Excel – Using the Advanced Filter (Part 1)
You are probably used to using AUTOFILTER and in the more recent versions of Excel, this has improved a lot with the option to filter or sort by colour or conditional format icon as well as give you a number of pre-set filter conditions that are data sensitive, so the wording of the filter conditions change depending on whether you are looking at dates, numbers or text.
Using AUTOFILTER you can build up some fairly clever filters but there are limitations. With each new filter you apply you are creating an AND type filter where ALL filter conditions have to be met. Yes, you can add in an OR condition within each filter, but you are limited to just the one per column filter.
For example, I want to filter out staff in either the IT or Training departments – easy enough. I then want to filter out people whose salaries fall between certain values. Again simple enough, but it applies the salary range to BOTH of the selected departments. What if I want to see people in IT who fall in one salary range and trainers who fall in a different salary range? I could run two separate filters but I want to see this in one table, not two separate outputs.
This is where your ADVANCED FILTER comes in.
First of all copy all your headings and paste them somewhere on the same worksheet. Personally, I prefer to paste them a few rows below my data table. The rows below your copied headings are where you are going to build the criteria for your ADVANCED FILTER.
Now type in your criteria: under each copied heading type text, dates numbers etc. which are the values you want to filter out. So, taking our example above again, I would type in IT in one cell and Training in the row directly below that.
Similar to our AUTOFILTER, each column I type a value into, equates to an AND condition. Values entered on subsequent rows represent OR. So by typing IT in one row, and Training in the next row I am creating an OR type filter – show me people in either IT OR Training.
Once your criteria are set up, it’s time to run the ADVANCED FILTER. Click back into your data table – this is a MUST. Go to the DATA tab, and click on the ADVANCED button in the SORT & FILTER group.
This will open the following window;
Decide whether you want to apply the filter directly to the data table or to show it as a separate output elsewhere in the SAME worksheet. Personally I prefer to do it in place, but your choice. Excel should automatically work out the LIST RANGE (that’s why you click into your data table before running the filter). Then select your CRITERIA RANGE i.e. the values and the column labels (you MUST include the column labels here) from the table you pasted below your data list. You only need to select the columns that contain criteria, although selecting the entire table will not cause any problems.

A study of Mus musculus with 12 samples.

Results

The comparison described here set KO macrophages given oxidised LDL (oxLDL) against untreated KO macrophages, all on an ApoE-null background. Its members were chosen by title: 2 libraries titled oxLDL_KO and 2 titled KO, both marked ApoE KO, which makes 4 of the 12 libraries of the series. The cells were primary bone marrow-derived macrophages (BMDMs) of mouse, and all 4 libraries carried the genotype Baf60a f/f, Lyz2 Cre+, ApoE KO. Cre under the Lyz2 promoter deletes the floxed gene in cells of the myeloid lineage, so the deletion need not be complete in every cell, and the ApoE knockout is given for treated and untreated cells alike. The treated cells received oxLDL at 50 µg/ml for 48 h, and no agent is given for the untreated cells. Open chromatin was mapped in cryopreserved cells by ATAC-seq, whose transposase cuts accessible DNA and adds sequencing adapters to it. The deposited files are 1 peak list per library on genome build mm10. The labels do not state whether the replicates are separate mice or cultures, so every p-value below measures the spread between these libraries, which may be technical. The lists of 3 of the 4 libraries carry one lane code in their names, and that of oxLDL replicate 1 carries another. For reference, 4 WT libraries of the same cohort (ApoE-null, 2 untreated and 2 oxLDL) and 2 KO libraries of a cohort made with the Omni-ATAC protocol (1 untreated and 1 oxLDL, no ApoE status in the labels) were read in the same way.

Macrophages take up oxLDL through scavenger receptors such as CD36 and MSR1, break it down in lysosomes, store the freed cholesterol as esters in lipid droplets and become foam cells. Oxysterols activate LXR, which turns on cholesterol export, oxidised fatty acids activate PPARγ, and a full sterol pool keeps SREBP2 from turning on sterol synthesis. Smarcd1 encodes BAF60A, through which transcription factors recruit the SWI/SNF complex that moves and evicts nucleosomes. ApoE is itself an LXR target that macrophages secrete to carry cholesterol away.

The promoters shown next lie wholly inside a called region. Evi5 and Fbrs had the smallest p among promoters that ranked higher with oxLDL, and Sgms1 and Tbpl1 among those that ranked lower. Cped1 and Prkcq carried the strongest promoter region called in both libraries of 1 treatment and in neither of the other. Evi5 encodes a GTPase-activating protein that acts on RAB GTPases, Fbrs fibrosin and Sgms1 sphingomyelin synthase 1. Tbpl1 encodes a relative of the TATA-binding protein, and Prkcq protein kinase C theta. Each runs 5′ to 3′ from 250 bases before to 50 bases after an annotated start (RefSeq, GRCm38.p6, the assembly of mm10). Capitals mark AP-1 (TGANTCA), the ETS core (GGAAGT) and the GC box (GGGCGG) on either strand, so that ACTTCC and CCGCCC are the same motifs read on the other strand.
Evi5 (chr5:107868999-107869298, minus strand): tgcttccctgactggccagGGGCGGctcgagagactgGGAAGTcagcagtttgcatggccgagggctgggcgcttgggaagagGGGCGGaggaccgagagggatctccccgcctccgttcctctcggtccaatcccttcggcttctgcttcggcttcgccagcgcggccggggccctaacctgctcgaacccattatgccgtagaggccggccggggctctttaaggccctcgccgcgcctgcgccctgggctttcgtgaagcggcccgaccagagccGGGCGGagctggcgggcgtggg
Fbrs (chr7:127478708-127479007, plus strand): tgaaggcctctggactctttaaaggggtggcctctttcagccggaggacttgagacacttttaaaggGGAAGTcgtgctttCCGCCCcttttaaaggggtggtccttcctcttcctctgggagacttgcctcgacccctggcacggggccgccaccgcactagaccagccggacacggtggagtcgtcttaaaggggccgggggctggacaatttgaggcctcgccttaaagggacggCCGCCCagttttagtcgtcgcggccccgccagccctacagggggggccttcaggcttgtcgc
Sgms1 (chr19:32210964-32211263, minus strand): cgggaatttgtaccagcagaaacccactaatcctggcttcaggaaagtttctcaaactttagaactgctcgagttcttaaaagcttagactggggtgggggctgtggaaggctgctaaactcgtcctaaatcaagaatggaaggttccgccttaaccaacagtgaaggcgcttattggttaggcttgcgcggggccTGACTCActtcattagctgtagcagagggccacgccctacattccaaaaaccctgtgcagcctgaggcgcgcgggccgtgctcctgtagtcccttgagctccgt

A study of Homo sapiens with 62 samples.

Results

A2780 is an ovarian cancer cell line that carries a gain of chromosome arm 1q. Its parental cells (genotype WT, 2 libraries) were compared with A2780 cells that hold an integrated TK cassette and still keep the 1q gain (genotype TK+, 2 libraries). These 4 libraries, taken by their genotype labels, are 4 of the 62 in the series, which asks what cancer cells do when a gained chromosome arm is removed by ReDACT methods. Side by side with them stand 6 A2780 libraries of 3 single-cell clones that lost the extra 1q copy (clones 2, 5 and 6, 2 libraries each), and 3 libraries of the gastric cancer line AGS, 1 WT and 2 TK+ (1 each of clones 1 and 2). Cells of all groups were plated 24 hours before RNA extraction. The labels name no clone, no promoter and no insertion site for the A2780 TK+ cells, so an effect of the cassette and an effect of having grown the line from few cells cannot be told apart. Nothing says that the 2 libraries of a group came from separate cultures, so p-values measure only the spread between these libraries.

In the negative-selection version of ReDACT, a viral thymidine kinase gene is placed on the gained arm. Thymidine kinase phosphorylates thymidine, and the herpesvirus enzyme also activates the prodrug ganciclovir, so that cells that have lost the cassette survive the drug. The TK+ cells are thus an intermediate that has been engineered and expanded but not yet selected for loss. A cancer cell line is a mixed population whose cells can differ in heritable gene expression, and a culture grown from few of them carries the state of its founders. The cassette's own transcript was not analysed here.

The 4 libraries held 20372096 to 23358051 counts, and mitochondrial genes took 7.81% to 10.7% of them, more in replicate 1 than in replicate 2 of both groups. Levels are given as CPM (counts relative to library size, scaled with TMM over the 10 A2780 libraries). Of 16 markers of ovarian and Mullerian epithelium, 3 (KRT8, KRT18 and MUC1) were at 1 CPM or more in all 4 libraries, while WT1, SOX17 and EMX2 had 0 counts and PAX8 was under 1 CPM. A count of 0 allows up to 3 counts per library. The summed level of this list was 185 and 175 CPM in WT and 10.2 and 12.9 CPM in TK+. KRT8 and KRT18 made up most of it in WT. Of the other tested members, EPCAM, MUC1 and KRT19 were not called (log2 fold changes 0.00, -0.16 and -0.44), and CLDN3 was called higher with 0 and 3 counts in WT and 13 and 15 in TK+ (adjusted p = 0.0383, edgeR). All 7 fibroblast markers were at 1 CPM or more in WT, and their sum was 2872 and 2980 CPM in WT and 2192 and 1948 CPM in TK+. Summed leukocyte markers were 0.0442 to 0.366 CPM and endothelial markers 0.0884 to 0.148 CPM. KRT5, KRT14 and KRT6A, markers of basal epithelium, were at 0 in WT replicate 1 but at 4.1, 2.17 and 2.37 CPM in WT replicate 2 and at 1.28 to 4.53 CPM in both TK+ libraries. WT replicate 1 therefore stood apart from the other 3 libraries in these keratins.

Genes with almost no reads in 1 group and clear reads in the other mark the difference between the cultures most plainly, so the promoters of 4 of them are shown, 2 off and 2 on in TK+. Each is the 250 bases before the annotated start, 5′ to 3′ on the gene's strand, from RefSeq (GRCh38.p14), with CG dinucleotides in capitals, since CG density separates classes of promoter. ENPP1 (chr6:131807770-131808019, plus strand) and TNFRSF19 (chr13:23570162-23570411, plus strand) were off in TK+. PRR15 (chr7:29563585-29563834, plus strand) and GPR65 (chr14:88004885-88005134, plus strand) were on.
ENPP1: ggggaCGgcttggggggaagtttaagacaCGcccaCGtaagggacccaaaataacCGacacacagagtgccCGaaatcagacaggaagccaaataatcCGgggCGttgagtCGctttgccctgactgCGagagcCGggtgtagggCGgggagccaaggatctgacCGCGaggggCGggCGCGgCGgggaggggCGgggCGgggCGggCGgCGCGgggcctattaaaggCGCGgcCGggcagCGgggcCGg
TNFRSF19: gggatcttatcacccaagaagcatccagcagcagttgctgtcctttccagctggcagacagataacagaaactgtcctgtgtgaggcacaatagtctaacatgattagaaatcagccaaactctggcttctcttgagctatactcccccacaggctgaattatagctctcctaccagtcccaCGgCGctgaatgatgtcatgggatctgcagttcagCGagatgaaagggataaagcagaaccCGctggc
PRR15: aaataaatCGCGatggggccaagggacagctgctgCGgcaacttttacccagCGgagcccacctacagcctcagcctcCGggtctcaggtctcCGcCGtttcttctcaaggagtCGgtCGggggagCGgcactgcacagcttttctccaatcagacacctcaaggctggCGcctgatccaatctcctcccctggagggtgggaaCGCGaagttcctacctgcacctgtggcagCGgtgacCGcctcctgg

Click on OK, your table will now only display the filtered information.
So if I want to extend my filter to include salaries then I can add criteria in the SALARY column of my criteria table. Now, this is where you need to be a bit careful. If I enter a criteria such as <25000 on the same line as the IT department cell but don’t put anything against Training, it will filter anyone in IT with a salary under 25000 but will display all salaries for training as no criteria have been applied. By writing this I would be looking to filter the following information:
- People in IT AND who have salaries under 25000
- OR people in Training
If I want to set a salary criteria for the Training department then I would need to add something on that row too. This is where the possibilities start to dramatically increase with the ADVANCED FILTER because unlike the standard AUTOFILTER I can apply different criteria against each item filtered, or even multiple criteria.
In this example I am filtering for:
- People in IT with a salary greater than 25000 OR…
- People in Training who do not have the job title of “Trainer” OR…
- People in Finance who’s surname begins with “P”
So in your criteria you can use all the normal operators (>, <, >=, <=, <>) as well as wildcards (*, ?). The possibilities are endless!
A word of caution though. If you apply a filter and yet you still see the entire table, either your filter is not precise enough or, most likely, you have included a blank line in your CRITERIA RANGE. A blank line basically says show me data with no special criteria – in other words show me everything. If that happens, just modify the CRITERIA RANGE references and re-run the filter.
In another blog I’ll show you how to create filter RANGES as well as how to extract unique values out of a list using the ADVANCED FILTER.